Allegiant Under Fire for Safety Record Following Damaging '60 Minutes' Report
Ultra-low-cost carrier Allegiant Air is under fire on Monday following the airing of a damaging "60 Minutes" report that aired on Sunday. The seven-month investigation into Allegiant's safety record showed that its status as one of the most profitable airlines in the country also comes at the cost of it being one of the most dangerous flying in the skies.
The Las Vegas-based carrier is known to travelers as offering ultra-low fares, flying to many destinations underserved by legacy carriers. Allegiant operates the oldest fleet of aircraft in the US, including 30% of those planes being dated and gas-guzzling McDonnell-Douglas MD-80s, almost all of which were purchased second-hand from foreign carriers. And, as the "60 Minutes" report shows, the problems that the airline has been the source of include an alarming number of aborted takeoffs, emergency descents, unscheduled landings and more.
You can watch the full report below:
Between January 2016, and October 2017, Allegiant had more than 100 serious mechanical incidents — a number much higher than its larger competitors. In fact, in 2016, The Washington Post examined just how many more Allegiant flights had unscheduled landings. During the same 15-month period, Allegiant, which had 50 MD-80s, had 50 unscheduled landings, five emergency descents and eight aborted takeoffs. On the other hand, Delta, which operated more than twice as many MD-80s (117 total) had just six unscheduled landings, one emergency descent and no aborted takeoffs.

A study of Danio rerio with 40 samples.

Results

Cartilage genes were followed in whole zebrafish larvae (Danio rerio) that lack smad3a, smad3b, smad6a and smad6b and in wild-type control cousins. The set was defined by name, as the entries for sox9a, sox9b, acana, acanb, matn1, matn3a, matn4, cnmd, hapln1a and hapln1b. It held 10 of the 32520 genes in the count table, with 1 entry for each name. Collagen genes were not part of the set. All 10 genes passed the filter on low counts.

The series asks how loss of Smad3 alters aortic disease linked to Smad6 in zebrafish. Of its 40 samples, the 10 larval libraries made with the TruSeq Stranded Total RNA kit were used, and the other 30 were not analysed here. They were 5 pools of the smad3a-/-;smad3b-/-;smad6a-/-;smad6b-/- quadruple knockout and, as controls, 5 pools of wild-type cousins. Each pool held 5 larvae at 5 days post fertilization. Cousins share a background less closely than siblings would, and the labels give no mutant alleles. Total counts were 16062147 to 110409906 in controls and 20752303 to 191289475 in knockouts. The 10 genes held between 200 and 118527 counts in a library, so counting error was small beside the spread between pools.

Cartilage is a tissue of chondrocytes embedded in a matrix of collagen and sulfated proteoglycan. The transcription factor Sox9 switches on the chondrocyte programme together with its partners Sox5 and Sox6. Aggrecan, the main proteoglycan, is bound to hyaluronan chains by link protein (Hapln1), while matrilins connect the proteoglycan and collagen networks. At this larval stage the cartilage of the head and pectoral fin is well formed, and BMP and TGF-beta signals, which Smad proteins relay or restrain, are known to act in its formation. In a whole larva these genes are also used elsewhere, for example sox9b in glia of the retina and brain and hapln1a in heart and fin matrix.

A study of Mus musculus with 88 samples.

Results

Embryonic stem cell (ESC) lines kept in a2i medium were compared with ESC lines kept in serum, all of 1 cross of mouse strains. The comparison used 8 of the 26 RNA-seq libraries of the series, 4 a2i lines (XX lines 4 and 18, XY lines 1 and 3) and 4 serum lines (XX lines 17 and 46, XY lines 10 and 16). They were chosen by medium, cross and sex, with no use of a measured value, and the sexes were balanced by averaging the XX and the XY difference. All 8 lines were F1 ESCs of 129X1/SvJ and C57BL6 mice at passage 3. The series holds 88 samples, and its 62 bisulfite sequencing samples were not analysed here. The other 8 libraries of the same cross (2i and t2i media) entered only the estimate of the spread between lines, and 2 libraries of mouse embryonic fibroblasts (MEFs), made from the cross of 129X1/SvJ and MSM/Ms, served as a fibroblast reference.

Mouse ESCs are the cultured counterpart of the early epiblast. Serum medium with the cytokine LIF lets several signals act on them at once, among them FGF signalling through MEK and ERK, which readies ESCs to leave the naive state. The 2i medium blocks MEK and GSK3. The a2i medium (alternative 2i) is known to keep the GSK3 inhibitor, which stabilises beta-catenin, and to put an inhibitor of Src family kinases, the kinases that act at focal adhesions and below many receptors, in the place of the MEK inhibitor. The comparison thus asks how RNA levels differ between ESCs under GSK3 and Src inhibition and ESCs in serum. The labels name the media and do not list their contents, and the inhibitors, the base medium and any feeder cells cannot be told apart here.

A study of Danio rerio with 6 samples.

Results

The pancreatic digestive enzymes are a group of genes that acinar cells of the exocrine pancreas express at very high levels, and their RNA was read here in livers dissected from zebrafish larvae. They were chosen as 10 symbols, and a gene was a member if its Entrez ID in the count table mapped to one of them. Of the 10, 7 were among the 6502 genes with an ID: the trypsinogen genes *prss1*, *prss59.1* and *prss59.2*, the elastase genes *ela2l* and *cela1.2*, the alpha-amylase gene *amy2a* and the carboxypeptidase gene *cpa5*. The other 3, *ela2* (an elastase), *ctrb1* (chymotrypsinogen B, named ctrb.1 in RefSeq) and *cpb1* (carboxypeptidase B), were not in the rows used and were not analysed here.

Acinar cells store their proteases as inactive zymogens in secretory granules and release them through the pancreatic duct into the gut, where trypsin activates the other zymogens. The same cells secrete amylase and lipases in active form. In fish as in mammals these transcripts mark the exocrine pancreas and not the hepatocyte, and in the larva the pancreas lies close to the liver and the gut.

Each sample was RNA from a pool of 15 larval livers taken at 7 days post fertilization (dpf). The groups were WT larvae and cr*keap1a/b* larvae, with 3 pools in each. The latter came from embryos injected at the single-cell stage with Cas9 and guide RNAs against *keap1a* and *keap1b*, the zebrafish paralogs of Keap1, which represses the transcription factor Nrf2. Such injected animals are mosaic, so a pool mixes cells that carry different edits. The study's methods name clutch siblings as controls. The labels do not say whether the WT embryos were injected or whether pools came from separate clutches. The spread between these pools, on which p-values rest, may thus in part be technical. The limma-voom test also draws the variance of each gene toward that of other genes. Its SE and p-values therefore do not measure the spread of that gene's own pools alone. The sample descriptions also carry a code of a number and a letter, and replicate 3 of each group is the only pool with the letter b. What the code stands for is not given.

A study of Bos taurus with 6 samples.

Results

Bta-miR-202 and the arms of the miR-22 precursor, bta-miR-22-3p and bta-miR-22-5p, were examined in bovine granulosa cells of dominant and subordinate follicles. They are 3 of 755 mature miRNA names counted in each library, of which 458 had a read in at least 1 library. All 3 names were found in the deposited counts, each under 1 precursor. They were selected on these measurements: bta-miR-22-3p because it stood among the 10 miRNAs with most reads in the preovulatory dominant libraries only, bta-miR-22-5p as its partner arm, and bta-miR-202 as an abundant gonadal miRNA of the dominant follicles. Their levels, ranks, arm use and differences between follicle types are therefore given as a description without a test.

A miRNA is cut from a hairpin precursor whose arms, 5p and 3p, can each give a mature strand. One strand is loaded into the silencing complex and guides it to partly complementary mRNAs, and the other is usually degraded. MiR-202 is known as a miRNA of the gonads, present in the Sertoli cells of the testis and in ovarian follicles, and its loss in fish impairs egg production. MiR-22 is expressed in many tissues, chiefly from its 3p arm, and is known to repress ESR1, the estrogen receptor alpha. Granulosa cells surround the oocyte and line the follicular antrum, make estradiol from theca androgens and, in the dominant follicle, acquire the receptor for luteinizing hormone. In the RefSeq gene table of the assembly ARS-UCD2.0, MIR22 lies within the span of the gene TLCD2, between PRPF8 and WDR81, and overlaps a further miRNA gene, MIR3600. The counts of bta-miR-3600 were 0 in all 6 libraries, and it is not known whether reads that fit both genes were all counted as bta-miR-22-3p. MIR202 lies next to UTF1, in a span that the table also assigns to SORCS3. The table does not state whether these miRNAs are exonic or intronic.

While the sheer number of incidents from Allegiant is alarming, perhaps what's even more so is the fact that the airline has continued to be allowed to operate without just about any penalty from the Federal Aviation Administration. In fact, the most discipline Allegiant has gotten for its poor record of safety operations, was described by a former FAA lawyer as not even a slap on the wrist.
During the investigation, Allegiant gave "60 Minutes" a short statement from its vice president of operations, which said in part:
"All of us at Allegiant are proud of our strong safety record, as noted in the most current, comprehensive FAA audit. Safety is at the forefront of our minds and the core of our operations."
However, since the airing of the report on Sunday night, with the carrier's stock down nearly 10%, the airline has issued a memo to employees, which was made public by AirlineGeeks. In it, Allegiant says in part:
"The story follows an unoriginal narrative based entirely off of outdated statistics, incidents that are years-old, and so-called 'industry experts' — many of whom have not seen the inside of an airline's operations in decades. Indeed, none have any direct knowledge of our operations including our people nor our procedures or SMS program.
We have reason to believe this story was instigated by a terminated employee who is currently engaged in a lawsuit seeking money damages from the company. It breaks no news. Know we are prepared to fight back against 60 Minutes, which has set its former standards of journalistic integrity aside to draw in viewers."
The report has brought to light information that the airline encourages its pilots and mechanics to not officially report maintenance issues.
People on social media were quick to react following the airing of the report, noting that they would never consider flying with the carrier with its safety record and practices in place.
The airing follows a 2016 survey of Allegiant pilots in which more than half of respondents said they wouldn't let their families fly with the carrier due to safety concerns.